Three Colours Blue.Tim Melville Gallery
Group Show featuring: Linden Simmons, Elliott Collins, Roberta Thornley, Alberto Garcia-Alvarez, Star Gossage, Peter Gouge and Simon McIntyre. June.

“Why are you crying?”

“Because, you are not.”

– Dialogue from Three Colours: Blue

Trois Couleurs: Bleu (Three Colours: Blue) is a powerful and at times very confronting film, it is part of a trilogy by Polish filmmaker Krzysztof Kieslowski, each part explores the French Revolution ideals – liberty, equality and fraternity. Bleu explores the idea of emotional liberty and has the main character trying desperately to distance herself from a past that won’t go away after the death of her husband and daughter.

There is a scene in the film that will always stand out in my mind, the main character played by Juliette Binoche wanders through a busy street scene to her new apartment – grazing her knuckles purposely on a brick wall along the way, as if to remind and punish herself that she is still alive. She then sets up a blue beaded chandelier – which belonged to her daughter and the light from the window reflects the blue of the chandelier onto her face and grazed knuckles. The scene left me feeling raw; it was easy to get lost in the emotion of the film and experience at some level what the main character was feeling.

Kieslowski’s film is the basis for the latest group show at Tim Melville Gallery, the main stable of artists use the film’s title and premise that human connections are impossible to escape or deny to inspire their work. As I enjoyed the movie so much I wanted to see how each artist would interpret this.

My first reaction after my initial walk around of the show was that I felt the artists were too literal with their interpretation; most of the works seemed to only connect with the film through their use of the colour blue. But as I sat in the space and contemplated the film in relation to the works presented I realised that using the colour blue was apt, the film employed the technique of using colour to symbolise not only loss and sadness which is at the heart of what drives Binoche’s character but also as the colour that ties her to her past – the blue chandelier being a perfect example.

With this in mind I took a second walk around, whereas on my first viewing I felt no connection this time I was drawn to the collection of Linden Simmons, Roberta Thornley and Elliot Collins work on one wall. The curation of the show is perfect in this instance, the three work well together. Simmons’s intricate watercolours titled The Blue Mountains depict a vast landscape, empty of people and life which work nicely with the more heaviness of Roberta Thornley and Elliot Collins’ filmic like stills which include solitary figures. The empty wilderness of Simmon’s paintings work well with the figure based photographs to create a sense of a human connection and personal attachment, no matter how heavy or sad that may be.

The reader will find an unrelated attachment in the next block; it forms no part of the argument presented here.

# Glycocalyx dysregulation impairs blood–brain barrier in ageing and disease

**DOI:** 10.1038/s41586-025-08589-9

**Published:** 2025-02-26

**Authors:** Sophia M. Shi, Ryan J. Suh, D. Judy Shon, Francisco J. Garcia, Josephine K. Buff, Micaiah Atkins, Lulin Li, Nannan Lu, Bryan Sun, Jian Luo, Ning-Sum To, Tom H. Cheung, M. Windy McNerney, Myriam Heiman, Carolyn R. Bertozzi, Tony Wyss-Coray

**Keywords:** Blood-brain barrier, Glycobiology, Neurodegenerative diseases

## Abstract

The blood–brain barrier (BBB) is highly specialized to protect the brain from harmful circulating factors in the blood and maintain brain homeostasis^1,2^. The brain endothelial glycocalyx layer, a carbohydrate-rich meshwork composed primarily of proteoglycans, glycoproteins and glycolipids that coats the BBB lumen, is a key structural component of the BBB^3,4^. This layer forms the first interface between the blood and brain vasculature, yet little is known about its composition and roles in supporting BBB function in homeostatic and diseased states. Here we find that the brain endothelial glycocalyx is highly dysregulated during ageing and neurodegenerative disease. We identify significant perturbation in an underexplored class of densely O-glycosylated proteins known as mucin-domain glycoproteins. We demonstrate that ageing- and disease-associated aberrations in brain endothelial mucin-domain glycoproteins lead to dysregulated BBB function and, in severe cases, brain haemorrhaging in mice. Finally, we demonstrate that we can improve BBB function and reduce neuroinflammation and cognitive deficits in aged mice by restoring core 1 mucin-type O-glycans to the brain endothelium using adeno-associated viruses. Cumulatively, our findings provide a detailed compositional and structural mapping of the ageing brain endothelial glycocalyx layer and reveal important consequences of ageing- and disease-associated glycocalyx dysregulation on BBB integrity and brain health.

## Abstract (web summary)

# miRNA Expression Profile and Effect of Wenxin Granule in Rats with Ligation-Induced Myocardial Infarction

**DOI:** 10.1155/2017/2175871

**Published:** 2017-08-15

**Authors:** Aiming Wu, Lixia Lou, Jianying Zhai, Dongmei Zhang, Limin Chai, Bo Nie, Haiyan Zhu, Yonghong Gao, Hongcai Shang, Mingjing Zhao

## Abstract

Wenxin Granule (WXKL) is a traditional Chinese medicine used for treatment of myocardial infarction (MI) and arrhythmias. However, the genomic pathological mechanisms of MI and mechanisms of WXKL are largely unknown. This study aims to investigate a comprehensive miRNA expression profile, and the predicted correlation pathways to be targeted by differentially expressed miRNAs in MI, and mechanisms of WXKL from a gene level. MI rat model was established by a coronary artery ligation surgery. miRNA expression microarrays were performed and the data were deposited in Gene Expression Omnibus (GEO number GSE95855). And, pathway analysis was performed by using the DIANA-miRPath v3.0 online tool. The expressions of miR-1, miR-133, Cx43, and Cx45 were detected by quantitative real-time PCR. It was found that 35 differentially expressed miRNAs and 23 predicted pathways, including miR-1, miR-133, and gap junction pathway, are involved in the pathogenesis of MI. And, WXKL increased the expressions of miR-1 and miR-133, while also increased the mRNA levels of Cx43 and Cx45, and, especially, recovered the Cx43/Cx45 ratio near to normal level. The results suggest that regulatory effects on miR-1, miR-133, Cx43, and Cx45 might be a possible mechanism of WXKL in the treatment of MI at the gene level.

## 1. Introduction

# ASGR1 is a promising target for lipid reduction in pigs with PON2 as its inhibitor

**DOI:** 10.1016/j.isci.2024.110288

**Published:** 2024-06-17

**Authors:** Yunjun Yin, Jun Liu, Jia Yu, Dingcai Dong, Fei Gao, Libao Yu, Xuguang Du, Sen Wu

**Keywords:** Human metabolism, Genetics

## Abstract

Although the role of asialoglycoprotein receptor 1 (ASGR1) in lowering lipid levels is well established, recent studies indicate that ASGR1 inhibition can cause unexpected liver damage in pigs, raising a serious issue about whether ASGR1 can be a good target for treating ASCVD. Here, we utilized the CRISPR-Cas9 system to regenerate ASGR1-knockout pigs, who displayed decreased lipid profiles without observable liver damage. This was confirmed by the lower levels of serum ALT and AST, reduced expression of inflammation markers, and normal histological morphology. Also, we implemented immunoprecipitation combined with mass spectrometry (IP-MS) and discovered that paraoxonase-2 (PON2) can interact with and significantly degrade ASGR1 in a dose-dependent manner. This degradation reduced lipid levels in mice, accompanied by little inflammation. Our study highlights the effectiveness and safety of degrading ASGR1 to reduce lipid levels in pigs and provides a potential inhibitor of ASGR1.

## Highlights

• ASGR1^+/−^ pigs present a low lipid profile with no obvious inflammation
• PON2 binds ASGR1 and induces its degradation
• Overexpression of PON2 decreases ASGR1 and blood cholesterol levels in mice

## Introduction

Another moment I enjoyed was Johl Dwyer’s paintings that used a palette of blues and whites; I was drawn in by these deceptively simple splashings of colour, becoming lost in the fuzziness of the layers of paint at the edges I found myself wondering what was held in those small gaps at the edge of the canvas? I wanted to know but I knew that I would never have a sufficient answer maybe that was what Dwyer was aiming for, maybe not. Whatever the case, it felt okay to be left wondering and still searching within those layers of paint which shows Dwyer’s strength as an artist.

Elliot Collins’ large scale painting adds a touch of light to the room, the words written in his well-known style say “I will let you win at wrestling, sometimes”, the message is bittersweet and simple and I felt a knowing smile grace my face. There is a playfulness and honesty to Collins’ word works and in this case they connect the viewer to the film well, the small and intimate moments of our relationships are hard to deny.

After my initial apprehension I enjoyed the show, the curation was at it’s best when different works were paired together as I felt that they were able to play off one another and added more depth to the theme of the show than just a colour connection.

The movie is dark and heavy and so are some of the works that are included but there is also hope, there is a sense that no matter how hard we try to rid oneself of personal connections we can never fully let go. It’s a part of the human condition, we crave connections and that is okay.